Exhuming the Past of Lincoln and Forgotten Cemeteries in Pinellas:
An eight-part series special to the Gabber
By James A. Schnur
Moving Beyond a Thorny Past: Admiring the Rose
Despite periods of neglect and poor maintenance, Rose Cemetery in Tarpon Springs remains better preserved and more intact than most other historically Black cemeteries in Pinellas County. This burial ground occupies more than 4.6 acres east of the city-owned Cycadia Cemetery.
Established in 1916 as Rose Hill Cemetery, the earliest recorded burial occurred in 1904. However, some believe that undocumented burials may date back to the 1870s, years before Tarpon Springs incorporated in 1887.
Black people played an important role in Tarpon’s sponging industry before Greek spongedivers arrived in 1905. Blacks from Key West and Caribbean islands, as well as the Bahamas, settled in this area by the 1890s. Many became proficient spongers, while others worked for fishing companies, sawmills and the booming agricultural industry. Some continued to harvest sponges alongside the Greeks after their arrival.
A Cemetery Blooms in Tough Soil
The Lake Butler Villa Company, an enterprise originally created by Hamilton Disston in 1882 to manage his holdings in the area, provided a 99-year lease for the cemetery site to a local citizens’ board in 1916. The next year, the Rose Hill Association assumed responsibility for the property. To accommodate more burials, the size of Rose Hill expanded in 1949 and again in 1953.
Rose Hill faced challenges throughout its history. By the 1950s, the cemetery suffered from poor record-keeping practices, missing documents, funding challenges and haphazard burials. Some unmarked graves were forgotten, while other gravesites were misplaced.
These sad trends continued into the next few decades as sections of the cemetery fell into disrepair and suffered from prolonged neglect. Lacking a maintenance plan or sufficient funds for upkeep, the situation looked bleak by the 1970s.
Under new management in 1979, the name Rose Cemetery replaced the earlier name of Rose Hill. A slow turnaround began. Notable improvements took place by the early 1990s with campaigns to clear unwanted foliage and debris.
A survey in 1999 found only 600 or so markers on grounds that had at least 1,000 burials. Ground-penetrating radar and cadaver dogs located more than 200 unmarked graves. These spots were recorded to prevent crews from digging on these sites for future burials.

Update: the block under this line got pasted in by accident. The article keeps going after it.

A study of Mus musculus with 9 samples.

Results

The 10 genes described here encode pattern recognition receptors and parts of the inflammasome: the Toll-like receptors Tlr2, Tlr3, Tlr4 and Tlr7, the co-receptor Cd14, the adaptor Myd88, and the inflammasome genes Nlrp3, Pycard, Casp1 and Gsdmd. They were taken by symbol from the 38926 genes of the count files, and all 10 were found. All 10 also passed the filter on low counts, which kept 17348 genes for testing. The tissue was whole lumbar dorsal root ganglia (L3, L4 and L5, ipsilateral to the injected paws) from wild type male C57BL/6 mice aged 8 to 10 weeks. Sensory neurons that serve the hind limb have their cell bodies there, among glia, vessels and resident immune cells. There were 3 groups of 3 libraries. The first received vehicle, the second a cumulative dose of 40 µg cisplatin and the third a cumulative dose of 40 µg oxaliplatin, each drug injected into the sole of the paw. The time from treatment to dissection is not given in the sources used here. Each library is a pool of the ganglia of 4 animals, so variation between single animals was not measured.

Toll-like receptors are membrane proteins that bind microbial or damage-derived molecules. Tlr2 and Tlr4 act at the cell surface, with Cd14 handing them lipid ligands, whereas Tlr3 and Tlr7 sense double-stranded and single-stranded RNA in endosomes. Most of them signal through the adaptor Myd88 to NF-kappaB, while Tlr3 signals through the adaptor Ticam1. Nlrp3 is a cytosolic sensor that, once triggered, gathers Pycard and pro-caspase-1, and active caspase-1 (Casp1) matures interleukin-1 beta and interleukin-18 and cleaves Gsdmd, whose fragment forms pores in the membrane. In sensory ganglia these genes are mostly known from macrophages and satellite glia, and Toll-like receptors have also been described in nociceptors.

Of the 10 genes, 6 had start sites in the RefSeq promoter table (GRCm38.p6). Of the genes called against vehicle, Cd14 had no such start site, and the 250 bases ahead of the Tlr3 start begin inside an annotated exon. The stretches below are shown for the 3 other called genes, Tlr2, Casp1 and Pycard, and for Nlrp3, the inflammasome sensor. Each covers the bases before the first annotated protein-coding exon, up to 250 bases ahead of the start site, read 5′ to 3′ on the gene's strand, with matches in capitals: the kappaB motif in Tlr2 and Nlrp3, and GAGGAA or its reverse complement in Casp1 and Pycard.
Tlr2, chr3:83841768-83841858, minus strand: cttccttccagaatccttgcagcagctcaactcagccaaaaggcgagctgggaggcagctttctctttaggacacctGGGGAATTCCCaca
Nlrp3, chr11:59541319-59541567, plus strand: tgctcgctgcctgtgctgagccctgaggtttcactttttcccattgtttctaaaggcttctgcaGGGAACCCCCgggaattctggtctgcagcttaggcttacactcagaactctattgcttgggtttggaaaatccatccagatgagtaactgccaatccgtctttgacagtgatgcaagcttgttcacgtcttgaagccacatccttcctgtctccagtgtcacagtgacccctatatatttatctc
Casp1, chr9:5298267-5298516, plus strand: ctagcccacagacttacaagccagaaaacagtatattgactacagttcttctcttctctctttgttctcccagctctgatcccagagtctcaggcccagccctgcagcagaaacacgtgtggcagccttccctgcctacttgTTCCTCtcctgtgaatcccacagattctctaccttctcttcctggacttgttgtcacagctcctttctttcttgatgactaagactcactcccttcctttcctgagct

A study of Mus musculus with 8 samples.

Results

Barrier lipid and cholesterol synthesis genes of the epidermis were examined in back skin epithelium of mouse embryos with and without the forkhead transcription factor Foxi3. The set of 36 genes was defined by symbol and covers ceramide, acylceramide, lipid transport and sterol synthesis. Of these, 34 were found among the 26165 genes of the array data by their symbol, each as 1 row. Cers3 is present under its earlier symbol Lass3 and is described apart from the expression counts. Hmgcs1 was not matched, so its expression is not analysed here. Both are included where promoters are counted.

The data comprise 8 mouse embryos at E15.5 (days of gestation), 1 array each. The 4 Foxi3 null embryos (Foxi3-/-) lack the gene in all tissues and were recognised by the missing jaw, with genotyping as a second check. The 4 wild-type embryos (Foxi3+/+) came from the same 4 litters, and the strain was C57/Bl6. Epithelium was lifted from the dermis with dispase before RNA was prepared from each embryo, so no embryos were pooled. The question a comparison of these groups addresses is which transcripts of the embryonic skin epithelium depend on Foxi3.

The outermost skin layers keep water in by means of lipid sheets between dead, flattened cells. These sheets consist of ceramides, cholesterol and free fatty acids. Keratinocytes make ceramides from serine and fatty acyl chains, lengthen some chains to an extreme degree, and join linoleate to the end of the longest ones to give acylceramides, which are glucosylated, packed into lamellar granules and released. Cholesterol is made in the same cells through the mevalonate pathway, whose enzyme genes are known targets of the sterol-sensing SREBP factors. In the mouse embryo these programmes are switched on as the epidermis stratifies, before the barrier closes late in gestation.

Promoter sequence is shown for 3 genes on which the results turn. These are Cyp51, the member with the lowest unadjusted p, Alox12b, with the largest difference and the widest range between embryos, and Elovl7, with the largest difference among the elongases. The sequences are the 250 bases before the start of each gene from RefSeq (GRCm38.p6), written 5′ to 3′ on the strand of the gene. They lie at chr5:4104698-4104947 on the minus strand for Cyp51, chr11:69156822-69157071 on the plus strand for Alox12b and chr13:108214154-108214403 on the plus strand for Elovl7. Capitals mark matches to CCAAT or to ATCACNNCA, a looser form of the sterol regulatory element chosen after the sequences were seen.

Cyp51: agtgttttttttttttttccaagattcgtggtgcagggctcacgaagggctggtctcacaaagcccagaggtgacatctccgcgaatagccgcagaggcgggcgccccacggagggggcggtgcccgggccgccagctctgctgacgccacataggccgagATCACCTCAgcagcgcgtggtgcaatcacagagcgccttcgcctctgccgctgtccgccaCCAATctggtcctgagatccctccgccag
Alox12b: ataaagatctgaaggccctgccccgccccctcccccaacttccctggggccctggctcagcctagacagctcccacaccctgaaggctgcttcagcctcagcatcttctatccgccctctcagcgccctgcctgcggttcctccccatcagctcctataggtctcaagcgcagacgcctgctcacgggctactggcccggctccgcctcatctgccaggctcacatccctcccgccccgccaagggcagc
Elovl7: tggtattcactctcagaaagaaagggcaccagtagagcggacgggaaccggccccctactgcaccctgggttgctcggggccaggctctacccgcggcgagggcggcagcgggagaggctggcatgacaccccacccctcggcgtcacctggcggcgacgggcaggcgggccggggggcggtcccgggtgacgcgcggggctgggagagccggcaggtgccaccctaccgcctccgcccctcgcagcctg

Appreciating the Rose
Burial practices at Rose mix traditional African, Caribbean and southern practices. Some plots have scraped landscaping, where grass is removed from family burial plots and the topsoil is raked. Most graves have an east-west alignment with the heads of the bodies interred below resting on the west but facing east as the souls await Judgment Day. Many markers have conch shells or other personal items atop or alongside them.
One of the most notable burials at Rose Hill was re-discovered after a GPR survey located his unmarked grave. J. Richard Quarls was born a slave in South Carolina in 1833. During the Civil War, he fought alongside his master’s family on the side of the Confederacy.
After coming to Tarpon Springs in 1910, he assumed the name “Christopher Columbus” because of concern about how the local community would view his service to the Confederacy. Quarls passed away in 1925.
In February 2003, his gravesite was rededicated with a new headstone. In a ceremony that may have seemed out-of-place to many, members of the United Daughters of the Confederacy and the Sons of Confederate Veterans arrived at this historically Black cemetery, itself a legacy of racial segregation. As they paid their respects to Quarls, those gathered at Rose heard the song “Dixie” play on this hallowed ground.
A century after its formal establishment, leaders from the City of Tarpon Springs submitted an application to the Florida Department of State in 2016 to nominate Rose Hill Cemetery as a candidate for the National Register of Historic Places. The documents focused mostly on the years between 1904 and 1967.
After review and approval, the paperwork was forwarded to the U.S. Department of Interior’s National Park Service. Federal authorities approved this designation on March 17, 2017.
Rose became the first historically Black burial site of its kind in this area added to the National Register. Similar to an old home or building on its original site that needs tender loving care, Rose occupies the same land, had not moved or been bulldozed, and continues to have the strong support of the community.
Does the experience at Rose Hill offer greater hope for Gulfport’s Lincoln Cemetery? Perhaps. Community support and an understanding of our shared history are vital as we move forward. Time will tell.